CBM Australia and CURE International rehabilitating lives in Ethiopia
Stories | October 20, 2022
For most people in Australia, breaking an arm or wrist is not a big deal. The teenager in me would even go as far as saying it is “cool” (who didn’t love being the centre of attention at school and getting all your classmates to sign your cast?).
I think like this because, in Australia, we have access to good public healthcare. So a broken wrist, in most cases, will not leave you with a permanent disability. However, this is not the reality for everyone – especially those living in some of the poorest places, where breaking a bone can lead to permanent physical disability.
In Ethiopia, CBM Australia works with local partners to improve the quality of life for children with treatable physical disabilities by improving access to medical services, including paediatrics, orthopaedic and rehabilitative care – children like Shasho.
CBM first met Shasho through its implementing partner, CURE International, when she visited a mobile health clinic in central Ethiopia set up by the CBM-funded project, CURE Ethiopia Inclusive Health Project for Children. Shasho went to the clinic to get help for her hand, which she had injured during a fall a couple of months prior.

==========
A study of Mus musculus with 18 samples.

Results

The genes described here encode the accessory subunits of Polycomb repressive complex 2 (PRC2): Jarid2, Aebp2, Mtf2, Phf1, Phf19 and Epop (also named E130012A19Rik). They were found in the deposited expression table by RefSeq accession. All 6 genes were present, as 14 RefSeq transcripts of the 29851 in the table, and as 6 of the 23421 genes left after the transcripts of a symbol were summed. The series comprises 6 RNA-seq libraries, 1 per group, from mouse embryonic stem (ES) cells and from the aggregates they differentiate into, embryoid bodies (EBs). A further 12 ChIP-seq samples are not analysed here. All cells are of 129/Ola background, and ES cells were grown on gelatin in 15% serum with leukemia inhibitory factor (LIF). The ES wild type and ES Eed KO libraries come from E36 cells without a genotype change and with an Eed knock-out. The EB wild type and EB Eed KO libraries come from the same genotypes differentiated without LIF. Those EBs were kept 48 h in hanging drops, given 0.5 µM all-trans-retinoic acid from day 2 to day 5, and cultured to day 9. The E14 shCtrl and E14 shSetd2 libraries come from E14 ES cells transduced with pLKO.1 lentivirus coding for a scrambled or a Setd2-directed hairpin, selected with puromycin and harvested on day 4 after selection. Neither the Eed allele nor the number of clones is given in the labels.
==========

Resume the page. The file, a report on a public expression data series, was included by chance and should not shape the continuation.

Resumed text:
Before coming to the clinic, Shasho had already sought treatment from a traditional healer and at another hospital. But neither treatment was effective. So the mobile clinic was the final option.
At the clinic, the medical team assessed Shasho’s hand and her injury was deemed suitable for surgery. At last, Shasho had a plan, and the road to recovery was in sight. Shasho underwent two surgeries, both performed by one of the project’s experienced orthopaedic surgeons.
The surgeries were a great success, and the surgeon did a beautiful job straightening Shasho’s arm. As a result, Shasho could return home to rest and recover. To ensure that children most in need can access these medical services, the CBM project also assists by covering travel-related expenses for patients, caregivers and any project workers accompanying the patient to the hospital. However, our support does not end there.
The CBM project takes a holistic approach to surgery and rehabilitation, providing counselling for children and pre- and post-surgical care, including meals, accommodation, nursing and all appropriate medical care. For many people like Shasho, being able to access surgical and rehabilitative care services is the difference between having a permanent physical disability and not – a difference that can have a significant impact on outcomes later in life.
This approach is only possible through generous donations from Australians like you. So please click here to donate to support more work like this and change the lives of more children like Shasho.
CBM acknowledges the support of the Australian Government through the Australian NGO Cooperation Program (ANCP) and thanks our partner, CURE International.